Fast food restaurant chain Jimmy John’s has agreed to stop using non-compete agreements for low-wage workers. The company has recently drawn notoriety for its use of restrictive covenants for sandwich makers, some of whom only earn minimum wage, and became the poster child for critics claiming non-compete overreach. Attorneys General from at least two states, Illinois and New York, challenged the practice.
On June 8, 2016, the Illinois Attorney General filed a lawsuit against Jimmy John’s Enterprises LLC and Jimmy John’s Franchise LLC, claiming that the fast-food chains’ non-compete agreements are illegal and unconscionable. People v. Jimmy John’s Franchises LLC, Circuit Court of Cook County, 2016-CH-07746. Jimmy John’s recently promised the State of Illinois that it would discontinue the practice. On June 22, 2016, New York Attorney General Eric Schneiderman announced that the sandwich chain has also agreed to stop including non-compete agreements in hiring packets used for low-wage workers in New York.
The covenants restricted workers from accepting a job from any company that generated at least 10% revenue from the sale of sandwiches, and that was located within two miles of any Jimmy John’s location in the US. Jimmy Johns has over 2,000 locations nationwide.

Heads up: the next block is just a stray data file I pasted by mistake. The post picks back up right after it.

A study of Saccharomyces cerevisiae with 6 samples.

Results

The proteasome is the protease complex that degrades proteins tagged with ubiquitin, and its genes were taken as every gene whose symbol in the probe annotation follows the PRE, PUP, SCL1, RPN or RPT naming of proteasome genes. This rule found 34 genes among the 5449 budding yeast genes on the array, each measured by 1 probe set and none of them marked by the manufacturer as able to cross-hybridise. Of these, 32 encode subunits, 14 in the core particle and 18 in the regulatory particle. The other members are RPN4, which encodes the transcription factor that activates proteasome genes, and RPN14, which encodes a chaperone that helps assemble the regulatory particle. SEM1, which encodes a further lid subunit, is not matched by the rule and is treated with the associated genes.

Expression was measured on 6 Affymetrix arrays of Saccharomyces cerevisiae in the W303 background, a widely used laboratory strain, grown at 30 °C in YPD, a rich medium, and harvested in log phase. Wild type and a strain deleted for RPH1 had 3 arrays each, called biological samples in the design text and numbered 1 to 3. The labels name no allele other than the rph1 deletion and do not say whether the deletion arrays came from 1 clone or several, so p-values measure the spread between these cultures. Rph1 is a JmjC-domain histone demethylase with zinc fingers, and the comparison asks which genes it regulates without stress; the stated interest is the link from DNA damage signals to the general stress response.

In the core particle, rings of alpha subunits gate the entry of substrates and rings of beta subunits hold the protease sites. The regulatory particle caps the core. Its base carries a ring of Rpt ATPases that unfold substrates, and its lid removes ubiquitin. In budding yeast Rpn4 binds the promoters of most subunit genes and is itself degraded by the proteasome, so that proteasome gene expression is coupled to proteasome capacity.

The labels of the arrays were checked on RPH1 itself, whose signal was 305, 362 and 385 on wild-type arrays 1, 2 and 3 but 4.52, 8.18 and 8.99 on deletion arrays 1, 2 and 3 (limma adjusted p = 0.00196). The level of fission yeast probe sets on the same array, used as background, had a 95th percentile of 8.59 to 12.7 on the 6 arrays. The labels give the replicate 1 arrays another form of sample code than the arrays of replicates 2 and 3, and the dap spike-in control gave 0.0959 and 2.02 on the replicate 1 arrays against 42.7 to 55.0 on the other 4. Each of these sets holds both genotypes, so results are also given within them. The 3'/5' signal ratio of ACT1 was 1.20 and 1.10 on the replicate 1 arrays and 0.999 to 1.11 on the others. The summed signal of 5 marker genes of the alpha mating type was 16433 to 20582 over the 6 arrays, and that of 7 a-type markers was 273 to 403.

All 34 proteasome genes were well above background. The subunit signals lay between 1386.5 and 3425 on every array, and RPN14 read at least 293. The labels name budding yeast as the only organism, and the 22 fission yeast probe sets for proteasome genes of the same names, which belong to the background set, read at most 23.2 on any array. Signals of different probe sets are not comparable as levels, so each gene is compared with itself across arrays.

Critics, including the Illinois Attorney General, claimed that Jimmy John’s had “no legitimate business interest” to warrant the broad sweeping requirement, and argued that it gave Jimmy Johns no incentive to increase wages or benefits and locks workers into low paying jobs. While non-competes are widely used with executives and other white-collar employees across the nation, they are more rarely used in services industries or for lower paid wage earners. One source indicates that Jimmy Johns, based in Champaign, Illinois, stopped using the agreements over a year ago in conjunction with resolving a class action challenge. “When we learned that, through an administrative error, certain company stores were using outdated, pre-printed paperwork, we immediately corrected the error and voluntarily informed the Attorney General,” the company said. Schneiderman asserted that these type of agreements “bully” workers into staying under threat of being sued, and companies should stop using them for minimum-wage employees.
According to the New York settlement, Jimmy John’s claimed it stopped providing franchisees with the sample agreements in late 2014. But Schneiderman’s office claimed franchisees were still using the non-compete agreements.
About the Author:
Minnesota non-compete attorney Craig W. Trepanier litigates non-compete disputes and advises clients on enforceability and drafting of non-compete agreements. Craig can be reached at at 612.455.0502 or email@example.com. Trepanier MacGillis Battina P.A. is a Minnesota non-compete law firm located in Minneapolis, Minnesota.